How Hidden Bias or Prejudice Affects Decisions - dummies

How Hidden Bias or Prejudice Affects Decisions

By Dawna Jones

Humans are complex beings, and that complicates decision-making. Welcome to the world of bias and prejudice, where, even when you think you’re relying on rational thinking, there’s a good chance you’re not. Ingrained bias and prejudices override rational thinking. The table shows examples of hidden biases and how they sneak into thinking.

Common Ingrained Biases and Prejudices
Ingrained Bias or Prejudice Why It’s a Problem Example
Seeing yourself in an exceptionally positive light You overestimate your abilities. You always think you can get things done faster than you
actually do, which can create problems with project schedules.
Taking credit for success but not for failures If you don’t use failure as an opportunity to learn, you
are prone to repeating the same mistakes.
You’re quick to accept credit but prefer to avoid
acknowledging your failures. You might even accept credit where
it’s undeserved to bolster self-esteem and offset your
perceived failures.
Using your own personal interests to decide what is fair or
best for others.
Although you can easily see the effect of self-interest in
others, it’s harder to see its effects with your own
decisions.
You can easily see how your colleagues are overloading their
teams with work, but you don’t see that you’re doing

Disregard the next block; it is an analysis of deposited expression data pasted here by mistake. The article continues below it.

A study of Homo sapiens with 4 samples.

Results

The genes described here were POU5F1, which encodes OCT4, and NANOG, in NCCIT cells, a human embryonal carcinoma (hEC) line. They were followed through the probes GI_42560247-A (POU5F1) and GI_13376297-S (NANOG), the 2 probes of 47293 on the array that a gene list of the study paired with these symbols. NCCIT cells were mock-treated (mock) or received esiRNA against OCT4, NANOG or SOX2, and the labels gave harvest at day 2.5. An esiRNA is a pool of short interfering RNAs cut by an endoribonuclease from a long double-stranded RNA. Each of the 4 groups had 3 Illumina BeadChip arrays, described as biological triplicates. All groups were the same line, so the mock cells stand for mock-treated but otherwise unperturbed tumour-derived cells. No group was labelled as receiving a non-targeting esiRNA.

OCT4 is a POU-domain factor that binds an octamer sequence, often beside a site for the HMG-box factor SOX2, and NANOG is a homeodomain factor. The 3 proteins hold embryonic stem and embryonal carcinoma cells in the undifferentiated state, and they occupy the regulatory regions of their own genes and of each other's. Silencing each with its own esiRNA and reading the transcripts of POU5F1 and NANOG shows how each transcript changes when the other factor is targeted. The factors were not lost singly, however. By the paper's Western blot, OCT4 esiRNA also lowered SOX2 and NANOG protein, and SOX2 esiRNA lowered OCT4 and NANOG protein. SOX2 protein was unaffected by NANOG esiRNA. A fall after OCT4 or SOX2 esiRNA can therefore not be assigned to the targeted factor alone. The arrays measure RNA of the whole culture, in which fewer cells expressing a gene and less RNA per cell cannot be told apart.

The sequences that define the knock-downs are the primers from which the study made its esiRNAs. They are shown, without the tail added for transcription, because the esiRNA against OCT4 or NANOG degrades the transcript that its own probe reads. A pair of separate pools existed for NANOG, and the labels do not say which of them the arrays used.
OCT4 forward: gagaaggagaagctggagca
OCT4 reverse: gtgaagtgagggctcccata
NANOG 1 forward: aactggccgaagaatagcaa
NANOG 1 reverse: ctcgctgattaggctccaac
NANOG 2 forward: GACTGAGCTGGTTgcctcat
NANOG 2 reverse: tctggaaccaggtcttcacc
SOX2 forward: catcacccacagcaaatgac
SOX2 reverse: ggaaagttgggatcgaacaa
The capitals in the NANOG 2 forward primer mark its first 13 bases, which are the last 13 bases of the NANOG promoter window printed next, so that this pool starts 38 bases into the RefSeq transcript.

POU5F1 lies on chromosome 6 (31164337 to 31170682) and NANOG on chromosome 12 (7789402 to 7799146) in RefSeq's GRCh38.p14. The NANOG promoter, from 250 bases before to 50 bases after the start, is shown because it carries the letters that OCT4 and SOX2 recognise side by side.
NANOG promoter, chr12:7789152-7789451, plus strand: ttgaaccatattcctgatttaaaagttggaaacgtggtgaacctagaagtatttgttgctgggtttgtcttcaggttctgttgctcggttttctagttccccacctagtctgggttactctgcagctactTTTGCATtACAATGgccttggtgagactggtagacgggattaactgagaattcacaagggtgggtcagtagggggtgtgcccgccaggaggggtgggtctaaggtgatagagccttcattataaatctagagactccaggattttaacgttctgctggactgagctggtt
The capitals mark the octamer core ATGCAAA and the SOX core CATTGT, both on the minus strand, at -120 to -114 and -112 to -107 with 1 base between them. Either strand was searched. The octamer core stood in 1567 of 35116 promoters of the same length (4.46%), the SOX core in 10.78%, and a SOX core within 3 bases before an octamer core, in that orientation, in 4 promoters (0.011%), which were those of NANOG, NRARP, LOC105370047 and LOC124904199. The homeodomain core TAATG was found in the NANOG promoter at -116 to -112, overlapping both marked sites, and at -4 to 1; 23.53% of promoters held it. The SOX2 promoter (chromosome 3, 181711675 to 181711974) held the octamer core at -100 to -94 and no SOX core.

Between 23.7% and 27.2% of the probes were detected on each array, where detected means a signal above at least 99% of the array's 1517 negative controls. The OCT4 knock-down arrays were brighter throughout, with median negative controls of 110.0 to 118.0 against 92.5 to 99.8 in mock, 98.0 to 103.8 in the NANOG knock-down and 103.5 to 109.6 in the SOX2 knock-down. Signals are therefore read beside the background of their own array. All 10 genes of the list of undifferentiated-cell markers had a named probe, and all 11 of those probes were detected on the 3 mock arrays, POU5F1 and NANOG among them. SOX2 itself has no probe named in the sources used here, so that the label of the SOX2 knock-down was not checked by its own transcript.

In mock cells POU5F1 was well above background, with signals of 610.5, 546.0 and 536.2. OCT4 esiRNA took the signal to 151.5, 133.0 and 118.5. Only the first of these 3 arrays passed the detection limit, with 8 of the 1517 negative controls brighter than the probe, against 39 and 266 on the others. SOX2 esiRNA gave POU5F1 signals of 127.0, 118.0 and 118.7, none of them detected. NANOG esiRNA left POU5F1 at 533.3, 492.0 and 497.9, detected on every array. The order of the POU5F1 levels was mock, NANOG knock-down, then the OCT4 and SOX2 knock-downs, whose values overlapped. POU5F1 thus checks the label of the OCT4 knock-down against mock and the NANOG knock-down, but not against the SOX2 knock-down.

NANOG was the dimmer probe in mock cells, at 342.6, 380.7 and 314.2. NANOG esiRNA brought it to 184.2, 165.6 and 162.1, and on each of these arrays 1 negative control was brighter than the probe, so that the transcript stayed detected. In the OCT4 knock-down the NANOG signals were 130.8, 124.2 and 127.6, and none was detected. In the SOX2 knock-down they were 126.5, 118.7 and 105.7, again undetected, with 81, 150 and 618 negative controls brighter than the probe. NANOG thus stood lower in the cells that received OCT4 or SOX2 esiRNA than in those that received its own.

the same thing.
Viewing members of a racial, ethnic, or stigmatized group as
less than those in the “in” group
You don’t recognize and, therefore, tend to deny
incidents of racism or sexism, hurting all groups.
You accept a female colleague’s ideas when they are
endorsed by a male peer (a testimonial is required), but tend to
reject them otherwise.
Failing to recognize hindsight as hindsight You blame decision-makers for not predicting unpredictable
events.
When a decision to invest in a company results in a huge loss,
you point out where the decision-makers went wrong as though what
is obvious now was as clear at the time of the decision. It
wasn’t.
Seeing others’ behavior as a reflection of their
character rather than the environment or situation
You blame the victim when things go badly and ignore valid
concerns.
When whistleblowers report a company’s fraudulent action,
the company responds by vilifying the whistleblower rather than
turning attention to how the fraud was allowed to occur.

Everyone has biases that impact the decisions he or she makes. To offset probable bias, whether you’re aware of it or not, you deliberately remove the reasons that could prejudice your assessment. Note that you don’t need to give up your biases (some are so deep it would be impossible to do so): You just need to create a way to deal with implicit biases likely to distort the decision-making process.

Consider the hiring process: Each decision-maker has biases about a person’s appearance, sex, race, or size, for example. These biases lead you to assume that you already know about a person’s character or talent. Now suppose that you are hiring a new employee.

One applicant is tattooed everywhere, and you don’t like men or women with that many tattoos. Despite the fact that this applicant’s track record is impeccable, you’re not comfortable and don’t see him as a viable candidate. But you’re not the only decision-maker, so he advances to the short list.

To remove your bias against people with tattoos from the selection process, you decide to provide each prospective candidate with a work assignment typical of the assignments expected of someone in your employ. The submissions are intentionally submitted anonymously and then evaluated. Much to your surprise, your top choice was completed by the tattooed candidate. Your company hires him, and he goes on to add exceptionally high value to the company.